Our gratitude to Kirsten Sundell for her comments on an earlier version of this manuscript.
Understanding the Search for Meaning in Life: Personality, Cognitive Style, and the Dynamic Between Seeking and Experiencing Meaning
Article first published online: 5 MAR 2008
© 2008, Copyright the Authors
Journal of Personality
Volume 76, Issue 2, pages 199–228, April 2008
How to Cite
Steger, M. F., Kashdan, T. B., Sullivan, B. A. and Lorentz, D. (2008), Understanding the Search for Meaning in Life: Personality, Cognitive Style, and the Dynamic Between Seeking and Experiencing Meaning. Journal of Personality, 76: 199–228. doi: 10.1111/j.1467-6494.2007.00484.x
- Issue published online: 5 MAR 2008
- Article first published online: 5 MAR 2008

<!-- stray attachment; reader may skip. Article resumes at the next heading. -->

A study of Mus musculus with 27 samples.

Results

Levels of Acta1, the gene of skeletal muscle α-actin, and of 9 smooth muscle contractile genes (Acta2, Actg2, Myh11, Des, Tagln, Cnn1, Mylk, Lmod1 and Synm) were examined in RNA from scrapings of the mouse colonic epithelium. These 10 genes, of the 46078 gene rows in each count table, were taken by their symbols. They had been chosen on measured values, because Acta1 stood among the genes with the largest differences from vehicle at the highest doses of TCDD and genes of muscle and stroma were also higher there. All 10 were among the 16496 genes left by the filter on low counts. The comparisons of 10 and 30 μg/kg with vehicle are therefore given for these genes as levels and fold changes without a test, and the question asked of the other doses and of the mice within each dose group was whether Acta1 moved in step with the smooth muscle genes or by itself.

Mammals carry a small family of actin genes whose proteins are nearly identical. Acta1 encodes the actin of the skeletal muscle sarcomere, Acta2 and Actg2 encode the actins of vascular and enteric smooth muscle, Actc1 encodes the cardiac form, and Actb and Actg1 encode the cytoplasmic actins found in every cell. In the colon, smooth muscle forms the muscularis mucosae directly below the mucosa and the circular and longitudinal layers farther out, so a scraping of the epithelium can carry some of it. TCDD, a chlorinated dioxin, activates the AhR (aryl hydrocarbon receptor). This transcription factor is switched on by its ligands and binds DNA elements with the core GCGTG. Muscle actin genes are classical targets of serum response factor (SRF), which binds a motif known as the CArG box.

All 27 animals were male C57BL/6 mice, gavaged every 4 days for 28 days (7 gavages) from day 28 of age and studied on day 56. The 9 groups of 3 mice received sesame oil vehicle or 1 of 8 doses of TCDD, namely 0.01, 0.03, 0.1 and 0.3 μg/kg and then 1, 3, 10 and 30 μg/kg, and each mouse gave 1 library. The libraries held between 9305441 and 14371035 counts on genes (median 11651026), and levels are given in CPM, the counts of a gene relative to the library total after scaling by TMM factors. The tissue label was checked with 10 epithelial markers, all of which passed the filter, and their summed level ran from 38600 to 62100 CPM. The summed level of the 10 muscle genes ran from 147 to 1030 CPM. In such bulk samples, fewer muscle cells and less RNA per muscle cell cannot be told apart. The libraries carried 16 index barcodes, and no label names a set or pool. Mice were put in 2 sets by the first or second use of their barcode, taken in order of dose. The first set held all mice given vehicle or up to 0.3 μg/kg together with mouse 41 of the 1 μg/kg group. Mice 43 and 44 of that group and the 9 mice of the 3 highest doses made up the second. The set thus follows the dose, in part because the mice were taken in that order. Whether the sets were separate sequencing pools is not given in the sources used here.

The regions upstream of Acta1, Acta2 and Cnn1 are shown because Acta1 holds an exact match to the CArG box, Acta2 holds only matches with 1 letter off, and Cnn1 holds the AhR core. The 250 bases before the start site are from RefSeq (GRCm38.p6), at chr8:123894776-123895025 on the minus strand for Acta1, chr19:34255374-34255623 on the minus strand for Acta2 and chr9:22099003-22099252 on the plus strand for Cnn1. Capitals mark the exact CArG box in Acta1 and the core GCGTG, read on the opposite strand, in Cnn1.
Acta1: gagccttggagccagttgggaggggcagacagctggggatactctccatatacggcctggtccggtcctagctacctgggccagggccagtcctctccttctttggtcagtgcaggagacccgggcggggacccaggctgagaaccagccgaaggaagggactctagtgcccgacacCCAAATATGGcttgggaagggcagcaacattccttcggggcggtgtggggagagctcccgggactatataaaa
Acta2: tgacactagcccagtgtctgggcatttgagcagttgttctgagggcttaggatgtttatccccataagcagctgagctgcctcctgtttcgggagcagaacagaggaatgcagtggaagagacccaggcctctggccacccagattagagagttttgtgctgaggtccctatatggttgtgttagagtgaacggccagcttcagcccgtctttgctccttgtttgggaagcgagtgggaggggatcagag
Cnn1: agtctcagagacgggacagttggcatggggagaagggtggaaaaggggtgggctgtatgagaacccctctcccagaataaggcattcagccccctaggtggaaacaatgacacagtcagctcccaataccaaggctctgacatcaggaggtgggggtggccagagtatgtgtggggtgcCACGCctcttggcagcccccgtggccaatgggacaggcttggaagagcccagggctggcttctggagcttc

ABSTRACT Although several theories assert that understanding the search for meaning in life is important, empirical research on this construct is sparse. Three studies provide the first extensive effort to understand the correlates of the search for meaning in a multistudy research program. Assessed were relations between search for meaning and well-being, cognitive style, and the Big Five, Big Three, Approach/Avoidance, and Interest models of personality, with a particular emphasis on understanding the correlates of search for meaning that are independent of presence of meaning. Conceptual models of the relation between search and presence were tested. Findings suggest that people lacking meaning search for it; the search for meaning did not appear to lead to its presence. Study 3 found that basic motive dispositions moderated relations between search for meaning and its presence. Results highlight the importance of basic personality dispositions in understanding the search for meaning and its correlates.